Congress changed the kiddie tax rules for 2006 and is getting ready to change them again. Each change results in higher taxes for most families if strategies are not changed.
Family income splitting has been a valuable tax strategy. A high tax bracket family member, such as a parent or grandparent, gives income producing property to a family member in a lower bracket, who usually is younger. The family’s overall tax bill is reduced, because the income is on the lower-bracket member’s tax return.
To stymie this strategy, Congress created the Kiddie Tax, providing that investment income exceeding a certain amount is taxed at the parent’s rate when it is earned by a dependent child. Originally the Kiddie Tax applied only when the child was 13 or younger. For 2006 and later years it applies when the child is under 18. Congress now plans to raise the ceiling another year so that the Kiddie Tax applies when the child is under 19. This probably will be enacted later this year.
The income limit for the tax is indexed for inflation. In 2007, the first $850 of investment income is tax free because of the standard deduction. The next $850 is taxed at the child’s tax rate. Investment income above $1,700 is taxed at the parent’s tax rate. Earned income, such as from a part-time job, is not affected by the Kiddie Tax.
In the past we have reported the negative aspects of popular Uniform Gifts to Minors Act (UGMA) or Uniform Trust to Minors Act (UTMA) accounts. These accounts are popular because they qualify for the annual gift tax exclusion while allowing the parents or another adult to act as custodians of the accounts until the child is 18. The new Kiddie Tax rules make these accounts even less attractive.
The main drawback of UGMAs is that the child has full legal rights to the account after reaching age 18. Though the money was intended for college, the child is legally entitled to spend the money however he or she wants. Under the new tax rules, the accounts have no real value unless they are small enough or are invested so that the child’s investment income does not exceed $1,700.
One solution to the changing law is to continue putting money in the child’s name but invest it so that there are few dividends or interest. Instead, invest primarily for long-term capital gains. But why put the money in the child’s name to do that? The money can be invested the same way in the parent’s or grandparent’s name without the risk that the child will do something with it at age 18. At age 19, a gift of the investment can be made to the child of the amount needed to pay for that year’s college expenses. The child sells the investment and pays capital gains at his own rate, which might be less than the adult’s 15% rate under today’s law. The only issue is whether the gift will be large enough to exceed the annual gift tax exclusion.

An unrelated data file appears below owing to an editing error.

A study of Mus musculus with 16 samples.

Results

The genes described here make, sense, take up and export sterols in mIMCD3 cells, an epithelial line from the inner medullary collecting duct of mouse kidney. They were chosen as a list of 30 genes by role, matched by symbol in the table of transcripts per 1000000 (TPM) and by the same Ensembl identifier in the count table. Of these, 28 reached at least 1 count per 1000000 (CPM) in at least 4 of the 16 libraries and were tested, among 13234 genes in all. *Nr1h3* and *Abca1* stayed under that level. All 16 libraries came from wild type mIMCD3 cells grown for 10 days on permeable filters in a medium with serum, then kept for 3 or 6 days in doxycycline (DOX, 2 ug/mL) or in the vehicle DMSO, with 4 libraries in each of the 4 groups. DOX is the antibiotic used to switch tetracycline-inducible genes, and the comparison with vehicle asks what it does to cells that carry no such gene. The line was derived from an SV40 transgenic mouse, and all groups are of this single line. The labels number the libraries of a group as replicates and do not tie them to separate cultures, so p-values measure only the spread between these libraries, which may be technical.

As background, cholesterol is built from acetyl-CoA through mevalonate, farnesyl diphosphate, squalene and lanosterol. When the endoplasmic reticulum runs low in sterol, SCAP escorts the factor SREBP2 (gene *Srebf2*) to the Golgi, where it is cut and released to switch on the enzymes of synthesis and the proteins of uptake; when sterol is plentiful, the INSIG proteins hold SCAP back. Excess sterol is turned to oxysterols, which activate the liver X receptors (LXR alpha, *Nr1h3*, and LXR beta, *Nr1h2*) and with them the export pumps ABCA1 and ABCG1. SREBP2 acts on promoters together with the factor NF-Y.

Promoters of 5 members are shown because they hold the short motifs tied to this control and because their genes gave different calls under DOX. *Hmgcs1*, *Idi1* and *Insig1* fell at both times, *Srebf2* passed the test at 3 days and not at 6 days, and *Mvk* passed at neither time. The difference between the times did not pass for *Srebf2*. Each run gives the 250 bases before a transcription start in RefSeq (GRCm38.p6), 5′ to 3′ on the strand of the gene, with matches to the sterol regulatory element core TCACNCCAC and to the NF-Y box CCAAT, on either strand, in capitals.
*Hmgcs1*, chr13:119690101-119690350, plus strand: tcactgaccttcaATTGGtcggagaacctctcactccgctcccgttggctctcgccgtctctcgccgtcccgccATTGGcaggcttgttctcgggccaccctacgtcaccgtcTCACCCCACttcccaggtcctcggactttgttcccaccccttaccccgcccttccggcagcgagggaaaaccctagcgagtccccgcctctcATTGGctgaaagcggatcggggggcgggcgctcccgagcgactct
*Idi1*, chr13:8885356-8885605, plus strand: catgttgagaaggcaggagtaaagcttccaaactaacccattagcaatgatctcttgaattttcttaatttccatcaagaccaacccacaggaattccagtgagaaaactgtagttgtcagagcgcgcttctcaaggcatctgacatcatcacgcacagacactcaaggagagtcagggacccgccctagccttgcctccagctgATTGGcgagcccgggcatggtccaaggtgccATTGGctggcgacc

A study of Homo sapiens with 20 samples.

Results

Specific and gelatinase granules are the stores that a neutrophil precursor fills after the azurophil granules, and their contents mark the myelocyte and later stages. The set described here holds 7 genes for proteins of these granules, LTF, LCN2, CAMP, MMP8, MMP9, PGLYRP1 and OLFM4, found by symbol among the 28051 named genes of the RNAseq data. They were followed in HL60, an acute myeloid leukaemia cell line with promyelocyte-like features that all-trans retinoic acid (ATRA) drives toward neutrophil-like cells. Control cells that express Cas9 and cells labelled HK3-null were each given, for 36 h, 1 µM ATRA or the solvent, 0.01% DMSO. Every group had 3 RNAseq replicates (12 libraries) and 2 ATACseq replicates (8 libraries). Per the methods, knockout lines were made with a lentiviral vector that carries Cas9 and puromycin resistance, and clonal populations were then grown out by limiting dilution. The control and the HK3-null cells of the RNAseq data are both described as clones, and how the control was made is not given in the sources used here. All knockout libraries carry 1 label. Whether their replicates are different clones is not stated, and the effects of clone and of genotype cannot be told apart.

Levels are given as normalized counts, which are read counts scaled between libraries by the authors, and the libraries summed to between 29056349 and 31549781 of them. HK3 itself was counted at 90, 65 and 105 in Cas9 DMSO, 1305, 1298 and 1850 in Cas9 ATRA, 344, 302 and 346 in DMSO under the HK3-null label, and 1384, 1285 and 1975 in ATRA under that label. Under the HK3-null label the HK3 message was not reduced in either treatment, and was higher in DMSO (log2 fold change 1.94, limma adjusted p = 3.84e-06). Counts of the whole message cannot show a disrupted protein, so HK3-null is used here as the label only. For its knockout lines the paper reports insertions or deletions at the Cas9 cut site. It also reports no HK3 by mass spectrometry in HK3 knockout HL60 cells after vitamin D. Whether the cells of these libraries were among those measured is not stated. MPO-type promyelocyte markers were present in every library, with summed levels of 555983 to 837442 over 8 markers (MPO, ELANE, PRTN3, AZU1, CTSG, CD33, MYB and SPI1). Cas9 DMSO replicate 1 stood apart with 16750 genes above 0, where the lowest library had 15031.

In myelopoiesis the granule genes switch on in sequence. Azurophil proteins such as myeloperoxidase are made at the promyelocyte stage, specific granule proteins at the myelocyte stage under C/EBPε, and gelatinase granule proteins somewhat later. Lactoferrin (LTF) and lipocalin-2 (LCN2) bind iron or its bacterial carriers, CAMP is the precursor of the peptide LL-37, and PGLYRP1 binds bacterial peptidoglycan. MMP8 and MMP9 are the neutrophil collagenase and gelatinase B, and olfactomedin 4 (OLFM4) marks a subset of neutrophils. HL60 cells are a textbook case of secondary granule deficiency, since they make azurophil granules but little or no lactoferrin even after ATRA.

Another option for the parents or grandparents is the Section 529 college savings account. All investment earnings are tax free while held in the account and are tax free when distributed to pay for qualified education expenses. In addition, the person who set up the account can take the money back with only a modest penalty or can change the beneficiary at any time. There are generous gift and estate tax advantages to contributing to 529 accounts. All these factors make them more attractive than UGMAs.
What can you do with money already in custodial accounts? If you are worried that the child will mis-spend them at age 18 or that the investment income will exceed the Kiddie Tax limit, consider spending the accounts while you have control. The money can be spent on items that are not the parent’s legal support requirements under state law. Usually permissible expenditures include computers or other electronic equipment, a car, and a summer trip or vacation.